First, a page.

The women’s marches were a phenomenal success and an important cultural moment. Most everybody came back uplifted and empowered. Many said they felt hopeful for the first time since Election Day. But these marches can never be an effective opposition to President Donald Trump.
In the first place, this movement focuses on the wrong issues. Of course, many marchers came with broad anti-Trump agendas, but they were marching under the conventional structure in which the central issues were clear. As The Washington Post reported, they were “reproductive rights, equal pay, affordable health care, action on climate change.”
These are all important matters, and they tend to be voting issues for many upper-middle-class voters in university towns and coastal cities. But this is 2017. Ethnic populism is rising around the world. The crucial problems today concern the way technology and globalization are decimating jobs and tearing the social fabric; the way migration is redefining nation-states; the way the post-World War II order is increasingly being rejected as a means to keep the peace.
All the big things that were once taken for granted are now under assault: globalization, capitalism, adherence to the Constitution, the U.S.-led global order. If you’re not engaging these issues first, you’re not going to be in the main arena of national life.
Sometimes social change happens through grass-roots movements — the civil rights movement. But most of the time change happens through political parties: the New Deal, the Great Society, the Reagan Revolution. Change happens when people run for office, amass coalitions of interest groups, engage in the messy practice of politics.
Without the discipline of party politics, social movements devolve into mere feeling, especially in our age of expressive individualism. People march and feel good and think they have accomplished something. They have a social experience with a lot of people and fool themselves into thinking they are members of a coherent and demanding community. Such movements descend to the language of mass therapy.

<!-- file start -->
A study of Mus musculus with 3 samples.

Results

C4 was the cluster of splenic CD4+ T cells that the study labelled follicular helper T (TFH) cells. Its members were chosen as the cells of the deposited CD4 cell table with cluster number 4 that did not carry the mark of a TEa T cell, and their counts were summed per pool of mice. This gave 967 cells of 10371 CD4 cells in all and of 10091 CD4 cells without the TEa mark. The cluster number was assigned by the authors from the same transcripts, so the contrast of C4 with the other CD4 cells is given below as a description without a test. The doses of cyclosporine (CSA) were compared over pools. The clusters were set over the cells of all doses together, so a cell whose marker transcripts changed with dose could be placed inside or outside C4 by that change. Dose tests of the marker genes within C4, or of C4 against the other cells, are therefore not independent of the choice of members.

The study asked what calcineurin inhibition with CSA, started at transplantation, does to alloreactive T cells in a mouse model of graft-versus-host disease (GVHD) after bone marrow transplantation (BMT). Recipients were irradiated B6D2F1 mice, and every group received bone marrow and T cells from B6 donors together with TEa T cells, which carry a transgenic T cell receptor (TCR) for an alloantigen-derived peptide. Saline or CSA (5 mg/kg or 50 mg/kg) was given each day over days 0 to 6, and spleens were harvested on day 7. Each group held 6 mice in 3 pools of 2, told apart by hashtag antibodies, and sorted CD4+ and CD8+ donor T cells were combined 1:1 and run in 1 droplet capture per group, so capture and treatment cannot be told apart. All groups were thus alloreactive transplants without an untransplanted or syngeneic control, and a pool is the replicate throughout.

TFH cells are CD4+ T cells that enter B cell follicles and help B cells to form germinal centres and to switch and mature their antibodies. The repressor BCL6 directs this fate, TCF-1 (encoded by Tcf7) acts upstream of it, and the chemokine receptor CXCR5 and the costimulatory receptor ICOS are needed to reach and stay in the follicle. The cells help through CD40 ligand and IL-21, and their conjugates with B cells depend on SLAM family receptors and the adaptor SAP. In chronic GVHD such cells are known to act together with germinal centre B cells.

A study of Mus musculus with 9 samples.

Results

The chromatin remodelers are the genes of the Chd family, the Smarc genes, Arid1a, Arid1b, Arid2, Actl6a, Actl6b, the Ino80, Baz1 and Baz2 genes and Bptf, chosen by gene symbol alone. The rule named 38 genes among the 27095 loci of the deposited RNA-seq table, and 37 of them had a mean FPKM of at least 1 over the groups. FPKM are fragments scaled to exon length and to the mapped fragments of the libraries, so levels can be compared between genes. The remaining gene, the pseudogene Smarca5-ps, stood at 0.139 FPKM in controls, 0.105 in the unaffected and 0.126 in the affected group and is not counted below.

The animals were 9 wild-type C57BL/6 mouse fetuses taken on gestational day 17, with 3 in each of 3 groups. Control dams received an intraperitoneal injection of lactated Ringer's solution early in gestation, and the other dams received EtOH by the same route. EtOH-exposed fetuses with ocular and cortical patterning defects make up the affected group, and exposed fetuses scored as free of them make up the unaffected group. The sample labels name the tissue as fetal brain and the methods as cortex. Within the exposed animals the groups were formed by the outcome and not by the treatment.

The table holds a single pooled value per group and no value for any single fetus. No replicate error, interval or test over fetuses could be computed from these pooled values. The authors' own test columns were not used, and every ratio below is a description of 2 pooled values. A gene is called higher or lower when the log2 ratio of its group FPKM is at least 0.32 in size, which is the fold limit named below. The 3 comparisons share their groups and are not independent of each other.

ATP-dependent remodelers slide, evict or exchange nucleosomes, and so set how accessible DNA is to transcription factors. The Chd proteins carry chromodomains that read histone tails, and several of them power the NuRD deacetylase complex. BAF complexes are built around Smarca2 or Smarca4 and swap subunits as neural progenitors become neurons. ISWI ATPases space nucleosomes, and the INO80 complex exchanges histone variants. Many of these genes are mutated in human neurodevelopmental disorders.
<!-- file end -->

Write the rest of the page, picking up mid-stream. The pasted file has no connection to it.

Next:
It’s significant that as marching and movements have risen, the actual power of the parties has collapsed. Marching is a seductive substitute for action in an anti-political era, and it leaves the field open for a rogue like Trump.
Finally, identity politics is too small for this moment. On Friday, Trump offered a version of unabashed populist nationalism. On Saturday, the anti-Trump forces could have offered a red, white and blue alternative patriotism, a modern, forward-looking patriotism based on pluralism, dynamism, growth, racial and gender equality and global engagement.
Instead, the marches offered the pink hats, an anti-Trump movement built, oddly, around Planned Parenthood, and lots of signs with the word “pussy” in them. The definition of America is up for grabs. Our fundamental institutions have been exposed as shockingly hollow. But the marches couldn’t escape the language and tropes of identity politics.
The biggest problem with identity politics is that its categories don’t explain what is going on now. Trump carried a majority of white women. He won the votes of a shocking number of Hispanics.
The central challenge today is not how to celebrate difference. The central threat is not the patriarchy. The central challenge is to rebind a functioning polity and to modernize a binding American idea.
I loathed Trump’s inaugural: It offered a zero-sum, ethnically pure, backward-looking brutalistic nationalism. But it was a coherent vision, and he is rallying a true and fervent love of our home.
If the anti-Trump forces are to have a chance, they have to offer a better nationalism, with diversity cohering around a central mission, building a nation that balances the dynamism of capitalism with biblical morality.
The march didn’t come close. Hint: The musical “Hamilton” is a lot closer.